Ending Earmarks Won't Solve the Federal Budget Deficit Problem

Unless lawmakers rein in entitlement spending the federal budget faces a long-term crisis.


And now candidates, especially Democrats worried about losing their congressional majorities, are returning to an easy target in the budget crisis: congressional earmarks.

They’re a legitimate collective punching bag, to be sure. Do we really need a Bridge to Nowhere, when bridges that actually connect communities are falling apart? A $231,000 appropriation for e-commerce research? A $10 million outlay for a National Institute for Hometown security in Kentucky, when the focus might be better directed at homeland security?

[Read more about the deficit and national debt.]

New Hampshire Senate candidate Paul Hodes, a Democrat struggling to pick up a Senate seat in a year that is shaping up as a potential disaster for the party, is taking aim at earmarks in his campaign. A TV spot shows a table of competitive hot dog eaters, uncouthly shoving the pork products into their mouths as quickly as they can.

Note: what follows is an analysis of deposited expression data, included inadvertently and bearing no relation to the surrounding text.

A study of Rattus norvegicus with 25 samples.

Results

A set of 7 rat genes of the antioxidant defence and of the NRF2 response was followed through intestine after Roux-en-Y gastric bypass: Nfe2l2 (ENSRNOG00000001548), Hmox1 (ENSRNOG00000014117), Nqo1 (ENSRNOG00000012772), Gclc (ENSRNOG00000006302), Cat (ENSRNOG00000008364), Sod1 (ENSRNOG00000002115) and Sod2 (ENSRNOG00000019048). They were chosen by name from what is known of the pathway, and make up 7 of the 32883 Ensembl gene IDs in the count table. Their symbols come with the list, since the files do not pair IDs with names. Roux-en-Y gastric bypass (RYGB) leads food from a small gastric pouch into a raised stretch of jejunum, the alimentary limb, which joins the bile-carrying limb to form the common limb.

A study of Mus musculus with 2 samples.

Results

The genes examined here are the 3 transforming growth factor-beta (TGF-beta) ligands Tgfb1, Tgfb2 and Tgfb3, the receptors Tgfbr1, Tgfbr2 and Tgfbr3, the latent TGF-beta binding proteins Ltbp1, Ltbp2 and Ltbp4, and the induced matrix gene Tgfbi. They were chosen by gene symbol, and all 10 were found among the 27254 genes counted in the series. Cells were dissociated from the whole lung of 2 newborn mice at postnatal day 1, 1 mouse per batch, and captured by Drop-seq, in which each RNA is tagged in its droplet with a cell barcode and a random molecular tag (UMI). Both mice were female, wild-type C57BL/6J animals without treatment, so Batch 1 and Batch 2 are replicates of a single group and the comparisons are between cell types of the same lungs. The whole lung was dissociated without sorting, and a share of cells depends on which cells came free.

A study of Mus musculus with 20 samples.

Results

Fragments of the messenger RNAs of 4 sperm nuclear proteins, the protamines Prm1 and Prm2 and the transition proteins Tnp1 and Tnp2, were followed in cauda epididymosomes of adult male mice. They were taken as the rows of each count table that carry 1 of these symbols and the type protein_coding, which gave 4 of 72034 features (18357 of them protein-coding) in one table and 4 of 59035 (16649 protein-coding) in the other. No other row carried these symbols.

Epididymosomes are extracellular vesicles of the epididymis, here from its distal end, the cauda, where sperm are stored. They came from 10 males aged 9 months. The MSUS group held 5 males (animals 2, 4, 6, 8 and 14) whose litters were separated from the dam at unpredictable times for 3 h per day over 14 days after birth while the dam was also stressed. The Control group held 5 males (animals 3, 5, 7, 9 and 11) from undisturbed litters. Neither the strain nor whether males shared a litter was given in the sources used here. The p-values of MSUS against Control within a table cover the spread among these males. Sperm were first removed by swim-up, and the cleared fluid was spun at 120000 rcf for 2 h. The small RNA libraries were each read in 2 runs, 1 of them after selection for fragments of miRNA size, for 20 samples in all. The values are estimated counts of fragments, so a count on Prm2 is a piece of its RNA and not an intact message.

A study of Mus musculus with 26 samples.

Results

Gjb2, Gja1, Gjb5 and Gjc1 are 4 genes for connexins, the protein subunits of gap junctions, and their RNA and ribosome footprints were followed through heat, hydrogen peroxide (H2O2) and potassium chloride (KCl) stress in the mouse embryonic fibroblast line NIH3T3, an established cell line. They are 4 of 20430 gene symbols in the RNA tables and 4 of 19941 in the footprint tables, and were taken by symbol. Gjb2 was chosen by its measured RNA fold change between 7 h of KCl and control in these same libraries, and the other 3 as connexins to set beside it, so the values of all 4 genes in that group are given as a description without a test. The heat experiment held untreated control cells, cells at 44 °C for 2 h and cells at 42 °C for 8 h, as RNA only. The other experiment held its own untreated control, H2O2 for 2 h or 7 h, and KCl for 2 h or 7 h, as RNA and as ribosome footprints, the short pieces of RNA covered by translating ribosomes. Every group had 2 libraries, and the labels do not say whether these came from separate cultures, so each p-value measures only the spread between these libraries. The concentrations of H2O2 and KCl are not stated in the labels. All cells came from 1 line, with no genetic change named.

“I’m Paul Hodes and I wanted to give you an idea of how they like to spend money in Washington,’’ the candidate says, firmly promising to bring back Gramm-Rudman spending limits and continuing to refuse any earmarks for his state.

[See who supports Hodes.]

Unfortunately, this is the equivalent of an over-mortgaged, heavily in-debt individual trying to get fiscally fit by choosing deli coffee over a $3.50 latte at a fancy coffee shop. It’s a sensible move (and $3.50 for coffee is worth rejecting on principle), but it won’t save anyone from foreclosure. Earmarks totaled $15.9 billion in fiscal year 2010 (down from $19.9 billion in fiscal year 2009, according to Taxpayers for Common Sense, which meticulously tallies the pork projects each year--or slightly up, from $15.6 billion in 2009, depending on how one counts the projects).

But in overall budget terms, it’s just a weekly latte at best. Even $15.9 billion in arguably unnecessary spending is just a tiny fraction of a federal budget adding up to more than $3.5 trillion. The biggest chunk of that budget is entitlements--the Social Security, Medicare, and Medicaid spending politicians are loathe to trim. But unless lawmakers make the tougher choice--finding a way to rein in entitlement spending without thrusting the elderly into poverty--the federal budget faces a long-term crisis. And it’s certainly one that can’t be solved by dropping a bridge project.